Barry Kolman's new book, "The Origins and Early History of American Wind Music: Instrument Makers, Composers, Instructional Methods and Ensemble Performance," (Edwin Mellen Press, Sept. 2013) is the first volume to examine the earliest musical beginnings of the tradition of community bands in America during the half century following the American Revolution.
Kolman has already been awarded the Adele Mellen Prize for his book's distinguished contribution to scholarship in the field of American Music History. He is professor of music at Washington and Lee University, conducts the University-Shenandoah Symphony Orchestra (USSO) and is a frequent guest conductor of orchestras around the world.
Kolman noted that orchestra conductors study the history of music, such as from the baroque and romantic eras, when they prepare a piece to conduct and that he hopes that band conductors will now use his book to understand the origins of the music they are conducting. "As a clarinet player I'm very interested in wind music — for clarinet, flute and wind ensemble — and since band music is an important part of American culture, I wanted to find out how it took off and evolved into what it is now," he said. "Some of this music is still performed now and then, and I would like readers to appreciate where this music came from and not take it for granted."
According to Kolman, most existing studies of the history of music start around the 19th century and the Civil War but nobody has researched what happened to the music and the instruments after the Revolution, when the English musical influence was still dominant.
Music was a very popular form of entertainment before the Revolution and relatives, friends and neighbors gathered in homes to play musical instruments at evening musical soirées. After the Revolution, interest in these soirées grew as a group of musicians, mostly from New England, began to provide instruction and music in the form of tutors — method books that gave diagrams, fingering charts, scales and exercises, as well as musical compositions in the back of the books.
Cheap and plentiful, the tutors were sold in many places, including tobacco stores and on newspaper stands. People knew all the popular marches by ear already and now, for the first time, they learned to play them in small instrumental ensembles that marked the beginning of a long tradition of community bands in America.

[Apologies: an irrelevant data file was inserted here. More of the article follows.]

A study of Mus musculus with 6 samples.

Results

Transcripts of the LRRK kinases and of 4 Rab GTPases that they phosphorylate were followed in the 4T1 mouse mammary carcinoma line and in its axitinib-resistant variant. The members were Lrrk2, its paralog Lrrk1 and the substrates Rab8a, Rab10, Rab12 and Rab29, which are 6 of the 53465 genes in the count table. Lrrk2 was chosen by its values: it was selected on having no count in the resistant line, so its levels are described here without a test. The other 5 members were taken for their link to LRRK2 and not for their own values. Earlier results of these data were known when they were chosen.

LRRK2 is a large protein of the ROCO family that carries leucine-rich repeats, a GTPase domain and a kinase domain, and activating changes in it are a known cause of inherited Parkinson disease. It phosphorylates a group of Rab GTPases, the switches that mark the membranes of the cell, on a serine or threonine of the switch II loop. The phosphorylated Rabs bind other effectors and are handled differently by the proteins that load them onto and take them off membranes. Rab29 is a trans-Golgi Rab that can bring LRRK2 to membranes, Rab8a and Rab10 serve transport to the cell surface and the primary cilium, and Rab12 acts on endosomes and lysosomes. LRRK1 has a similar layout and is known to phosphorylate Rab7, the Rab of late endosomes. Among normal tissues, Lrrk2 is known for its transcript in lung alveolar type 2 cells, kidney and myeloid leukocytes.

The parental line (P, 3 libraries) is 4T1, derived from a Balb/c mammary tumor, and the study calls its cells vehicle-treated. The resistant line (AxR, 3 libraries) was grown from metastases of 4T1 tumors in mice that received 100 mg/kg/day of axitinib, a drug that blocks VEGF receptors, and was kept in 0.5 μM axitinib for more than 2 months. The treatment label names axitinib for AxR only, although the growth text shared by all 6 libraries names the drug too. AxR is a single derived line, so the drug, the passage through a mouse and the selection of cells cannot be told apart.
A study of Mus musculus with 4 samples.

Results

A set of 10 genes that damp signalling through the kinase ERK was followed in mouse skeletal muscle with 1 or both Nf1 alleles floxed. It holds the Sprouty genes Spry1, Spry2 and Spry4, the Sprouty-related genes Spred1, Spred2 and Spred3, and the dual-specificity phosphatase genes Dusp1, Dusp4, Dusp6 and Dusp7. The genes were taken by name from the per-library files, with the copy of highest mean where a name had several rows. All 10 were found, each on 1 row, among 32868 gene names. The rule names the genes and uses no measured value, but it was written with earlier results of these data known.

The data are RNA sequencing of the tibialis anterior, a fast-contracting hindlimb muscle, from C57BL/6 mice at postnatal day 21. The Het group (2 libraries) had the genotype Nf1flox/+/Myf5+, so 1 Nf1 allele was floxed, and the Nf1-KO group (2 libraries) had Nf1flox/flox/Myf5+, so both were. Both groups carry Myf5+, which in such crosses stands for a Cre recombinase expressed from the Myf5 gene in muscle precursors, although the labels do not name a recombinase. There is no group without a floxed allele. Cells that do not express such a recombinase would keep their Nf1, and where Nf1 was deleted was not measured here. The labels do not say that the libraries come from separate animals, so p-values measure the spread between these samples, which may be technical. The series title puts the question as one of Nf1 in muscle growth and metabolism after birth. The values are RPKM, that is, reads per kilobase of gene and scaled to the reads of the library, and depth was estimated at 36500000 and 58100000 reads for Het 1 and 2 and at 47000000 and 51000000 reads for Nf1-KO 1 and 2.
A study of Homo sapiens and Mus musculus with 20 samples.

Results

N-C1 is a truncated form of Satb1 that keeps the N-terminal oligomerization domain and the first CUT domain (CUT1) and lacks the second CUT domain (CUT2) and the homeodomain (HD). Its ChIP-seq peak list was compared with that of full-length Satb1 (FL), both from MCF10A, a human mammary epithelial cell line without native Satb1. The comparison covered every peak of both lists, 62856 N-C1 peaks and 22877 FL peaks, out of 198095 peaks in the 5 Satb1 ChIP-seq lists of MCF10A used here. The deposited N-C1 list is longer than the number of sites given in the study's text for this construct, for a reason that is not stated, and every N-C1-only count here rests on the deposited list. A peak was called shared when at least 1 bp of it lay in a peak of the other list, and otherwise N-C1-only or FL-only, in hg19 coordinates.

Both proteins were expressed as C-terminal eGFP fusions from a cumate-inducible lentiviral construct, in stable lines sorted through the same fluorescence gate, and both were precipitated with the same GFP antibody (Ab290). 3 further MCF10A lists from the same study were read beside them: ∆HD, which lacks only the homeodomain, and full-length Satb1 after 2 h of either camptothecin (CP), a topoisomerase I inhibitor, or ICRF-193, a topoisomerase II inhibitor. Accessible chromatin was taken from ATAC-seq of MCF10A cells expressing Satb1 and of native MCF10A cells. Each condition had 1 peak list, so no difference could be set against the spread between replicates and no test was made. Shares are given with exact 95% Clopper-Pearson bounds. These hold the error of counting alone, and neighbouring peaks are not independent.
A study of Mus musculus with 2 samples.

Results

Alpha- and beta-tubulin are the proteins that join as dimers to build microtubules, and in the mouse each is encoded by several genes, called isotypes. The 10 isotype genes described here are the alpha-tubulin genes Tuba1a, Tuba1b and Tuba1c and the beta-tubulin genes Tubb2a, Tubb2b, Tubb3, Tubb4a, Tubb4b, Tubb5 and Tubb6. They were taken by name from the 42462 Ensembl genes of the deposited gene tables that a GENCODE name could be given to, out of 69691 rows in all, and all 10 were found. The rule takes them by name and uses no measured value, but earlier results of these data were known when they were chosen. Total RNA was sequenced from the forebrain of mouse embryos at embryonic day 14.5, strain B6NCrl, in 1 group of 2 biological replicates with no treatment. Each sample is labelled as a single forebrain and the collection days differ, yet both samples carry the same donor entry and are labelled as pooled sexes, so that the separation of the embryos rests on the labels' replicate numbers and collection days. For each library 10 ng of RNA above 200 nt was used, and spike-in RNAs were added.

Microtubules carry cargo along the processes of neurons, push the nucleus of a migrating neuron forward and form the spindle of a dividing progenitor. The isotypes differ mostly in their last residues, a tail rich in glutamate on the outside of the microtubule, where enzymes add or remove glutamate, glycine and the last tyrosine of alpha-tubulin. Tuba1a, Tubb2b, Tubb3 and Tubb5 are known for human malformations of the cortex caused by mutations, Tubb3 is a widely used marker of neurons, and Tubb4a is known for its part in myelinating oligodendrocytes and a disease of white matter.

These tutors were published by composers whom Kolman described as "the first generation of American composers who wanted to write for a new America, defining an American style, sound and cultural identity."
There were many authors of these tutors and in his book Kolman focuses on seven of the more prolific and influential composers: Oliver Shaw, Joseph Herrick, Ezekiel Goodale, William Whiteley, Henry Moore and Samuel Holyoke, who was probably the most important of these pioneers. The book includes a history of each composer.
These composers published both original marches and arrangements of marches for various combinations of instruments and for duets, trios and octets. Because they composed for whatever instruments they knew people in the community possessed, including woodwinds, brasses, strings, percussion and piano, Kolman said this resulted in some unusual combinations, including one piece for clarinet, flute, trumpet and a snare drum.
Kolman said that it took him 35 years to write the book, which began as his doctoral thesis, and he encountered many difficulties in tracking down primary source material. "I wanted to find the major composers of this type of music and hold what they wrote in my hands," he said. "But it was a really tough challenge to find music that was written 200 years ago. I thought it had been destroyed, but I actually found the original copies signed by the composers through a lot of legwork going to libraries and was able to include copies of those scores in the book."
Kolman also looked for the instruments of the period or at least pictures or descriptions of them. The book describes each instrument in detail, including original fingering charts and insight into the instructional methods at the time.
"I looked for anything I could get my hands on to figure out what instruments they were playing. For example, what did a bassoon look like? And one instrument, the serpent — a bass instrument with a strange configuration — is rarely played today," he added.
Kolman also found the original tutors. "They were written in old fashioned English and the advice that some of these composers gave was a little humorous by today's standards. A lot of things have changed in 200 years, probably because the instruments became better built, and we don't have to do some of the funky things that the early teachers made their students do," he said.
Kolman received his B.Mus. in music education from the Crane School of Music, his M.Mus. in clarinet performance from Illinois State University and his Doctor of Arts degree in conducting from the University of Northern Colorado where he was awarded the Dean's Citation for Excellence for his graduate research.
"The Origins and Early History of American Wind Music: Instrument Makers, Composers, Instructional Methods and Ensemble Performance," is available at the University Store and through its website at http://bookstore.wlu.edu.